Discover the intercluster project EnzyMares

EnzyMares is committed to developing a toolbox to accelerate the discovery of marine enzymes and shorten the time-to-market for new enzymes. The toolbox will contribute to the success of enzymes as sustainable biocatalysts and help companies make their processes and products more sustainable.
02 June 2021

The intercluster project EnzyMares is a joint initiative of the Flemish spearhead clusters Catalisti, Blue Cluster and Flanders' FOOD that can count on financial support from Flanders Innovation & Entrepreneurship (VLAIO). The project was recently approved and will officially launch on 1 September 2021. 

An excess of enzymes

Enzymes can be found everywhere. They are used in chemical substances, pharmaceutical products, food and (aqua)feed products, textiles and cosmetics. As they are biologically degradable and non-toxic, enzymes are an attractive alternative for chemical additives or catalysts. Enzymatic catalysis therefore has the potential to make the raw material and energy consumption of industrial processes more efficient, and thus contribute to a more sustainable industry.

Given its wide range of applications and sustainable profile, it is no surprise that the global demand for enzymes is growing rapidly. There is a search for (new) enzymes that perform better in terms of substrate selectivity, inhibition sensitivity, chiral selectivity, pH and temperature range. There is also an increased focus on the enzymes’ performance in extreme conditions, such as high salt tolerance, hyperthermostability, barophilia and cold adaptivity.

dna code

Various sources…

Fortunately, biological sources, and especially marine environments, offer many opportunities to discover new enzymes. Moreover, while current research mainly focuses on obtaining enzymes from microbial organisms, complexer eukaryotic organisms may represent another untapped reservoir of new enzymes.

… but difficult to discover

It is not easy to tap into this reservoir and find the right enzymes. Nowadays, most new enzymes are found by functional screening of genomic libraries and comparison with biological databases. Once interesting enzymes have been identified, their performance in industrial applications is assessed.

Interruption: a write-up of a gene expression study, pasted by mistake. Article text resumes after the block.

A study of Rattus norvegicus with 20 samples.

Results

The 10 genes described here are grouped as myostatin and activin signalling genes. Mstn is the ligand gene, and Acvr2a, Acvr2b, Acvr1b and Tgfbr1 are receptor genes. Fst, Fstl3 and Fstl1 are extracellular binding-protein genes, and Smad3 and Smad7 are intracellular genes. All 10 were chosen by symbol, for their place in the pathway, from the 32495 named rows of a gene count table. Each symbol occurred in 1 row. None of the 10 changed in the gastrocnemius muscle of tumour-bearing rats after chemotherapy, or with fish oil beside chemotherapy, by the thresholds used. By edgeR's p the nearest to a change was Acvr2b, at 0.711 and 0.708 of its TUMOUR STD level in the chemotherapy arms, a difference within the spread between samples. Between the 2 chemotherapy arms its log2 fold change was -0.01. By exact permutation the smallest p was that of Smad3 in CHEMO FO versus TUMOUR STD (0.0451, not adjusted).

This assessment can take years, and even then, the majority of enzymes identified during the screening process turn out to be not particularly useful. In short, finding the right enzymes is extremely time-consuming and demanding, which slows down their assessment and application.


Optimising enzyme discovery

The intercluster project EnzyMares aims to develop a toolbox to discover valuable marine enzymes in an easier way. The toolbox will optimise the enzyme discovery process by:

  1. developing an improved, high-quality database integrating different types of molecular and biological data;
  2. adding ecological information about organisms and their habitat, as organisms living in extreme habitats are more likely to produce enzymes capable of performing under extreme conditions;
  3. adding process parameters and performance needs to the database at an early stage, to ensure that enzymes are indeed fit for purpose, to significantly increase the number of qualitative hits and to shorten the time-to-market.

A toolbox integrating various types of molecular data, ecological information, process parameters and performance needs will increase the chances of success in the enzyme discovery process. Moreover, by exploring the diversity of enzymes in more complex organisms, a “new world” of previously unknown enzymes can be made available for application by the industry.

This, in turn, increases the application potential of enzymatic catalysis in industrial processes. Through its innovative toolbox, EnzyMares aims to contribute to the success of (marine) enzymes as sustainable biocatalysts and support companies in making their processes and products more sustainable.